Pathways to Specificity of ETS proteins

ETS Proteins

We have set as a long-term goal to understand how a family of highly related DNA binding factors is utilized in biological regulation using the ETS family as a model system. Do individual ETS proteins have unique roles or are there redundancies of function within the family? Specificity would require both a divergence of functionality of individual family members as well as pathways to direct different family members to different gene promoter targets. We have recently described that there is extensive co-expression of ETS family members in a diverse sampling of human cell types. Genome-wide analysis of promoter targets in several of the cell types shows that, in some cases, there is specific matching between specific ETS proteins and specific targets. In other cases, there is co-occupancy by multiple ETS proteins at a specific promoter (Hollenhorst et al. 2004, 2007, 2009). We are currently investigating mechanisms of specificity for multiple family members including Ets-1, ETV6, ETV1, ETV4 and ETV5.

Regulation of DNA Binding by Autoinhibition Mechanism

DNA binding diagram

Autoinhibition is a phenomenon that involves intramolecular interactions and provides a framework for regulation of protein function (Pufall and Graves 2002). We study the autoinhibitory mechanisms that regulate the DNA binding of members of the ETS family as a route to specificity.  Ets-1 is best understood. Its inhibition is counteracted by a partnership with a second transcription factor, RUNX1 (Goetz et al., 2000). And, a calcium-dependent signaling pathway reinforces the autoinhibition (Cowley and Graves 2000, Pufall et al. 2005). Structural and dynamic studies have led to a detailed mechanism for autoinhibition that illustrates the dynamic nature of proteins and how this property is used in regulation (Garvie et al. 2002; Lee et al. 2005; Pufall et al. 2005). Of particular significance is the finding that unstructured regions can do work and that the mechanism works allosterically. Our investigations of Ets-1 autoinhibition include ongoing collaborations with structural biologist Lawrence McIntosh, University of British Columbia.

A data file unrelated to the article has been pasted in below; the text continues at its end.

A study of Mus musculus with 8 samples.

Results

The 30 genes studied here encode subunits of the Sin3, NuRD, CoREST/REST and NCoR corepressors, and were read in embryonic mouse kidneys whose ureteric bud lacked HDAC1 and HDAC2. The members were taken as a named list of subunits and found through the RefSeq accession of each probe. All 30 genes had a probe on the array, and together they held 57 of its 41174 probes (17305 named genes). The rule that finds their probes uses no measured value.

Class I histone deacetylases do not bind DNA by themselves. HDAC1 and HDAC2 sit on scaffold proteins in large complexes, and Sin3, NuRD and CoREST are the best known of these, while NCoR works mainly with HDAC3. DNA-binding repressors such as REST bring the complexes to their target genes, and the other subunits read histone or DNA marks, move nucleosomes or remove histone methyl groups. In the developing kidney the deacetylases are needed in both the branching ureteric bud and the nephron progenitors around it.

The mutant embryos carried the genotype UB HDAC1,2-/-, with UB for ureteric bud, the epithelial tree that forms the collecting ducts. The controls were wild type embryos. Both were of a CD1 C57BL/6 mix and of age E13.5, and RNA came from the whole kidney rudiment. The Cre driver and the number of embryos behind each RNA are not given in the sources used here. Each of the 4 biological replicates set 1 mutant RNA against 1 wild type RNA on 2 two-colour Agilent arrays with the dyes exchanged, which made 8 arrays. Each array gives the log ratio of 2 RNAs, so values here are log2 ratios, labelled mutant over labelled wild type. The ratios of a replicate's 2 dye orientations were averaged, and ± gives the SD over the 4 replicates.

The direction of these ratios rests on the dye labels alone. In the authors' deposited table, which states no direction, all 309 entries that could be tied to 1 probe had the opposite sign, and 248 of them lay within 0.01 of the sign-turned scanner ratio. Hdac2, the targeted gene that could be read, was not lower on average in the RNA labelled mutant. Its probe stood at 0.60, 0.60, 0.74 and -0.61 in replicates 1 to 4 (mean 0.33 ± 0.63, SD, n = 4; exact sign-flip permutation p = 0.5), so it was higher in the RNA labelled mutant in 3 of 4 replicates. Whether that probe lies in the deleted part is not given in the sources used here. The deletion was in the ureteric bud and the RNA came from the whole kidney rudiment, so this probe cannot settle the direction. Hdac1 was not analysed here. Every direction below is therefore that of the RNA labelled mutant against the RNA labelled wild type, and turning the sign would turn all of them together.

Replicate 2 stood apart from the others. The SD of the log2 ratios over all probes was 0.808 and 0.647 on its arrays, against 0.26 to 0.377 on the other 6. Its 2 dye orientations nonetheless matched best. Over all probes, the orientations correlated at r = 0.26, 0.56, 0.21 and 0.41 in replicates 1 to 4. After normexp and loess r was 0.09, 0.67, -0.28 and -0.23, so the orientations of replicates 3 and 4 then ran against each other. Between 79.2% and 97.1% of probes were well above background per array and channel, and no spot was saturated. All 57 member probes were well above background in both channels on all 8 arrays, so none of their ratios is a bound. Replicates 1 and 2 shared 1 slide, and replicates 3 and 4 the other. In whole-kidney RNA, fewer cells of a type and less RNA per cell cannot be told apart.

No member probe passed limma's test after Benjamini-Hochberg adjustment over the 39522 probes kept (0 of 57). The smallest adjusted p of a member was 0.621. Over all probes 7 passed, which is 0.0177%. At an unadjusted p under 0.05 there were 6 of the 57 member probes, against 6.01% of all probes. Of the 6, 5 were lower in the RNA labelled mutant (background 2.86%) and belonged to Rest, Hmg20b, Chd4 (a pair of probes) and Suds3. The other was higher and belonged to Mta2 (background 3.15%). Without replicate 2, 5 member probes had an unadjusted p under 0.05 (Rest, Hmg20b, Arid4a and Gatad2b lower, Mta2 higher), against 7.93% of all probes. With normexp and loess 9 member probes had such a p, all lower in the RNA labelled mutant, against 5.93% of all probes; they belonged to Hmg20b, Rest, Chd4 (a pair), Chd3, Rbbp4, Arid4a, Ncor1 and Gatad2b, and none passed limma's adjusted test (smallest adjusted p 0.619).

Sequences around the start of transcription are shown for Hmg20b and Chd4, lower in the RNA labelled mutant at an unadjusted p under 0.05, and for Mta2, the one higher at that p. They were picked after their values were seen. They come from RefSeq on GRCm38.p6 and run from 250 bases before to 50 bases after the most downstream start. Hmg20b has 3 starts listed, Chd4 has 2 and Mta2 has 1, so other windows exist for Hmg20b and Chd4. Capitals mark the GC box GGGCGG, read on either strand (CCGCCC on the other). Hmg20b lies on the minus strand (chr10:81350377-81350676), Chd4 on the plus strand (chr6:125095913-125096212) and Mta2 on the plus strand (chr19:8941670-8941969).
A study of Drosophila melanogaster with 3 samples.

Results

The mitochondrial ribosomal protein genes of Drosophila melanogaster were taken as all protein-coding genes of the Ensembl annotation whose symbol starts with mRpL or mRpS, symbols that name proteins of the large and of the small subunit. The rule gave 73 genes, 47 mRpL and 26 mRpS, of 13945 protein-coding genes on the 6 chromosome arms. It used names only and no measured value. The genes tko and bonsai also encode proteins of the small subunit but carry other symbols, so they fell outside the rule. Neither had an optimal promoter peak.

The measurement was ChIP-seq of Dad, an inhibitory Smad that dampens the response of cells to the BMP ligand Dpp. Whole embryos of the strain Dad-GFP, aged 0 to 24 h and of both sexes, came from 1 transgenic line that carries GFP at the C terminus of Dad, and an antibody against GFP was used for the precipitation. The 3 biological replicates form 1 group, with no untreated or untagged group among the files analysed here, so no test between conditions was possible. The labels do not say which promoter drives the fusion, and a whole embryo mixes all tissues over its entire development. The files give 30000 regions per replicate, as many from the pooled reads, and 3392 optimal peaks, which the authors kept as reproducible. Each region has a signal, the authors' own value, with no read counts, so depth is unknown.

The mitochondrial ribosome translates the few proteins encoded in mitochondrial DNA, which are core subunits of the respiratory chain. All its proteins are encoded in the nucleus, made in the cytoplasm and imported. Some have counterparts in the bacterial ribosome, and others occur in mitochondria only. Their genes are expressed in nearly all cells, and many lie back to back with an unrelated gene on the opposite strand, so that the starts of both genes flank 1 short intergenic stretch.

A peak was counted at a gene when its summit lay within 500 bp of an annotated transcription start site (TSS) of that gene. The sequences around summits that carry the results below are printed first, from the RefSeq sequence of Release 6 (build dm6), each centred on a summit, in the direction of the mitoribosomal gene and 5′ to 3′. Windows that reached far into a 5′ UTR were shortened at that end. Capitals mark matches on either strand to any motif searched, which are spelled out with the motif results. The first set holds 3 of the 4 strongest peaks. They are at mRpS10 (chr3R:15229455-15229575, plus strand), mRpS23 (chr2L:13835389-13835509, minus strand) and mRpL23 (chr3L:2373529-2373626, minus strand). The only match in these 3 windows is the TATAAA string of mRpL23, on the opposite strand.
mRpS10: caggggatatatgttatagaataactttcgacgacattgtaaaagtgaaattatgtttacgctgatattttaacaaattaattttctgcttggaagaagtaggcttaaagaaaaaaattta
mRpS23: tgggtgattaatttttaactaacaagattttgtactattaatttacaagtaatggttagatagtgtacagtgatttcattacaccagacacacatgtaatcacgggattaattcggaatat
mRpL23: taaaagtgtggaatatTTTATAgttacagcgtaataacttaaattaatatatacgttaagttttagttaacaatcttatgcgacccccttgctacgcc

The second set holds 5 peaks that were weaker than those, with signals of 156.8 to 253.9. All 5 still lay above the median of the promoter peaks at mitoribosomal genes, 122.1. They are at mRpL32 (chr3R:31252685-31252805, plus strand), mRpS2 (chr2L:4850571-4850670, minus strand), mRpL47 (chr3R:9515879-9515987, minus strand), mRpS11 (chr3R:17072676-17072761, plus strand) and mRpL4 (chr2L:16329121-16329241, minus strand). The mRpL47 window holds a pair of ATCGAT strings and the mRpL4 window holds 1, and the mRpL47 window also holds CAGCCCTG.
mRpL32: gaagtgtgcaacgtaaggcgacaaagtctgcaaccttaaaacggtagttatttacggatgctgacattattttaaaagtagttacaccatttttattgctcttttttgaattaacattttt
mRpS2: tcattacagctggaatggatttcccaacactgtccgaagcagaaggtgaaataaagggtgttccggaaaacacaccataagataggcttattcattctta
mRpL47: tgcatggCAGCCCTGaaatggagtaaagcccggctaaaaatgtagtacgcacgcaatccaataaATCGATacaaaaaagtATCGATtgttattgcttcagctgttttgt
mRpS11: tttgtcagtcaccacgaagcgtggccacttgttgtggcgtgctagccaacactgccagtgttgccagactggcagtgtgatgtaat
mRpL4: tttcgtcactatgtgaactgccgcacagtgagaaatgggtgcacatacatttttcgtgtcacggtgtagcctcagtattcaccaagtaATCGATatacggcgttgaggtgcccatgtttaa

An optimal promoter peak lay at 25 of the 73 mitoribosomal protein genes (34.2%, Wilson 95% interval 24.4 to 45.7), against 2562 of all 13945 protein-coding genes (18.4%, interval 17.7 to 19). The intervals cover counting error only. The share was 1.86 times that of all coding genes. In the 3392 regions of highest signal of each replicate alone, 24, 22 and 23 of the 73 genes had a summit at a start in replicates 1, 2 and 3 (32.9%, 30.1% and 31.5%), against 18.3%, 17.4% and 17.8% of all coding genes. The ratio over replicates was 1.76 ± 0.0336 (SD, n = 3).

The ETS protein ETV6 displays a mechanism of autoinhibition distinct from Ets-1.  An inhibitory helix sterically blocks the binding surface and must unfold upon DNA binding (Green et al. 2010, Coyne et al. 2012,  De et al., 2014). The inhibition is compensated for by cooperative binding between multiple ETV6 species, which can bind in tandem on DNA due to the self-association properties of the PNTdomain.

We are currently investigating autoinhibition of the ETV1, 4, and 5 subfamily of ETS proteins. 

ETS Factors and Human Cancers

We use these biochemical and genomics approaches to investigate the role of the ETS family in human cancers. Nuclear oncogenes are most often transcription factors that cause inappropriate gene expression. The ETS family illustrates this oncogenic potential. The genes that encode several ETS proteins, ERG, FLI and ETV6, are altered by chromosome translocations that associate with specific human cancers. Classes of sarcoma, leukemia, and prostate cancer are driven by these altered ETS genes. ETS proteins are also targets of Ras-dependent signaling, a growth control pathway frequently mutated to be superactivated in human cancers. Using genomics approaches we are identifying the target genes of these oncogenic ETS factors. We are also investigating critical roles of ETS factors in chromatin remodeling by identifying co-factors that associate with these oncogenic ETS factors.